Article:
Big City Plan - what's happening?



Stef Lewandowski has raised the critical question - Big City Plan public consultation - who’s in?. In his blog he raises the point that aside from the bit's i've been posting on here, 1 2 3 4 5, there doesn't seem to be much on the plan online.

It's a fair point. I found the draft document I took excerpts from on the Council's Democracy Site, the site for the minutes and reports of meetings and reports going to council meetings. It's a dry site and the document itself shouldn't be languishing there seeing as the Cabinet gave their approval to it on Monday; Support for Birmingham's 25-year city centre vision. Like Stef I apologise to the team, I imagine there is work in progress but it's critical everyone gets their opportunity to comment and that means using all forms of capturing people's thoughts.

GLOBAL investors are queuing to cast their eyes over Birmingham’s vision for the future outlined in the city centre masterplan.

The Big City Plan, which sets out ambitions for a larger, more family-friendly city which welcomes investment and big business, won cross-party support at the city council cabinet last night.

An 80-page draft brochure detailing the issues and options facing the city over 25 years has been launched for public consultation, giving citizens until late February to have their say.
http://www.birminghammail.net/news/birmingham-news/2008/11/25/support-for-birmingham-s-25-year-city-centre-vision-97319-22332766/

As Stef say's, even the Big City Plan's website, much trumpeted with billboard hoardings around the city, is hardly engaging for such an important project.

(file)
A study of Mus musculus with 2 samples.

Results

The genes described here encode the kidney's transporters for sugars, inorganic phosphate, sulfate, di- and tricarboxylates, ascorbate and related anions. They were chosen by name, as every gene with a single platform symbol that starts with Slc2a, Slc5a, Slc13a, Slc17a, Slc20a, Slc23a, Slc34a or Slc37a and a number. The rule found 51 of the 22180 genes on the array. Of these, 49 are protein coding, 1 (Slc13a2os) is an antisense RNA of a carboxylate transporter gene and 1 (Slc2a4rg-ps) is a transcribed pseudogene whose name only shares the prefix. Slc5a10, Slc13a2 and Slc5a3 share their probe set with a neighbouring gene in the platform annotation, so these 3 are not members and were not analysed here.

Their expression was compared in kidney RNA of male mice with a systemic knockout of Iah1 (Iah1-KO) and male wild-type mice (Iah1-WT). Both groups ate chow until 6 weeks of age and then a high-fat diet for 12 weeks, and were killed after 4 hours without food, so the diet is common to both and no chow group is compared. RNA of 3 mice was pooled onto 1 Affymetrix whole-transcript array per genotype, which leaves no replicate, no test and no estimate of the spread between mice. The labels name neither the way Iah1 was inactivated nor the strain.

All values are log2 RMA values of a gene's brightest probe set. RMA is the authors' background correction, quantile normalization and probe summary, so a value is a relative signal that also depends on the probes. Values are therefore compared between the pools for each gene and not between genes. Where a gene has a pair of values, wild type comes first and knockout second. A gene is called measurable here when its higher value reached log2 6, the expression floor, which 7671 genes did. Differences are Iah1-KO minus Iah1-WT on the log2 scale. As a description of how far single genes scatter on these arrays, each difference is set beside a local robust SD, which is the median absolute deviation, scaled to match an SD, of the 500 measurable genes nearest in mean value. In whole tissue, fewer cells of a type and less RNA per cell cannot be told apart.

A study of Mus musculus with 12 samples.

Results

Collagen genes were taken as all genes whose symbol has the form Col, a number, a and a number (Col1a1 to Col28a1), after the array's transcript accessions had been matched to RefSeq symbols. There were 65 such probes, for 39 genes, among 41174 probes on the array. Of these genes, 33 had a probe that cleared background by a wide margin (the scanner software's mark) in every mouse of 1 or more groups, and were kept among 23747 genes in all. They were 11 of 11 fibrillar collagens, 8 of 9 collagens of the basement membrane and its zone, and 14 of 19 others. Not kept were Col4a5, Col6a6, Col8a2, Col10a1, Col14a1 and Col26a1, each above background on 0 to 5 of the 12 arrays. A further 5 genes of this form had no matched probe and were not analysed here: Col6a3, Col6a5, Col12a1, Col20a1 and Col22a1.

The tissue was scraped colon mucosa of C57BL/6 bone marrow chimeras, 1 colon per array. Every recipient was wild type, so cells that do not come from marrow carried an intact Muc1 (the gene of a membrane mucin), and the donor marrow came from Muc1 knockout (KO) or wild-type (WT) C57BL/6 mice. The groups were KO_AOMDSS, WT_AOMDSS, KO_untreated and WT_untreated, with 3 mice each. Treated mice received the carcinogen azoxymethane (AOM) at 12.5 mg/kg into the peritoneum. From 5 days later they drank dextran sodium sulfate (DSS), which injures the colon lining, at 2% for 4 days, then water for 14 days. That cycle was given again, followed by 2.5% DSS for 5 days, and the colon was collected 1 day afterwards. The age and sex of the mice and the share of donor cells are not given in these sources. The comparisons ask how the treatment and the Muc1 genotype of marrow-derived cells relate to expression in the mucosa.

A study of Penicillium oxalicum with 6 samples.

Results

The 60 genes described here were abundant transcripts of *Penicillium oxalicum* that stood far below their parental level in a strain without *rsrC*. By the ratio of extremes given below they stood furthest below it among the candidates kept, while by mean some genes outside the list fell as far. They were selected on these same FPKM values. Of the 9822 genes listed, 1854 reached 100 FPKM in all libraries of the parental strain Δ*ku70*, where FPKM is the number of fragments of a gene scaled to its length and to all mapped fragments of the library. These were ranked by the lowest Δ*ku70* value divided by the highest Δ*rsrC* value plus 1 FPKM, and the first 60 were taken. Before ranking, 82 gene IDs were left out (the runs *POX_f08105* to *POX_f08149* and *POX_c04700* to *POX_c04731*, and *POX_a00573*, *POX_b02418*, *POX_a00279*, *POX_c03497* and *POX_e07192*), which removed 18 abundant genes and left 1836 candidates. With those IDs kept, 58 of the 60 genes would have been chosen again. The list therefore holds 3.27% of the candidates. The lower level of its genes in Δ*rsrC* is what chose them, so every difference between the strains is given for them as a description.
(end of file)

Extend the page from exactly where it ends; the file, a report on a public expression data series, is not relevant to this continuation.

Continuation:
The Big City Plan is looking to shape the city for the next 25 years and it's critical everyone has their say, especially with the public consultation launching on the 12th December for twelve weeks.

It's such an important plan that I was expecting a huge launch on tuesday 25th after the cabinet approval and to get people thinking. While many people will think it's not going to affect them as it will be all buildings and roads it will in fact be about shaping the city's ethos, how it sees itself, where we want to go, as Stef notes Pyschogeography.

This isn’t just a plan for where we put the roads and buildings.
Since early on it was clear to me that this plan isn’t just about the built environment, it’s about the experience of living in the city, the concept of the place, the culture, the people that live here and designing systems and structures that enable us to live better lives here.
http://steflewandowski.com/2008/11/big-city-plan-public-consultation-whos-in/

It's also critical in this regard we engage everyone who shares a part in making the city what it is and that must mean taking it to the suburbs, engaging our BME communities. As is much trumpeted, Birmingham is likely to be the second ethnic majority city, after Leicester, around 2025 approximately so it's crucial that the BME community share their views. Birmingham could be lead a civic revolution following it's role as the cradle of the industrial revolution and workshop of the world.

I'll repost this comment from Stef which sums up the response we need. Let's make sure we get those views and make rather than watch the city develop.

How about we do something ourselves?
They’ve asked for consultation - I say we give them consultation! There are some very smart and opinionated people in this city, and I think that getting us together to pool our thinking would be amazing. And with something as easy to understand as “What do you want Birmingham in 25 years to be like?” and huge issues like sustainability, transport, fuel crisis, energy, food, population, technology, communications, education, where we live, what we want from our public spaces, culture, creativity and lots more to consider this feels like one for the bloggers to really get our teeth into.
http://steflewandowski.com/2008/11/big-city-plan-public-consultation-whos-in/

Comments

dp said…
Your comments about broadening participation are spot on. I believe there are two follow-on considerations. One, how to use the web in that capacity, and two, to draw attention to things that the Council have already drawn their own lines under. The plan will not have reached many people, and those people will want to come at it as something other than a rubber-stamp exercise.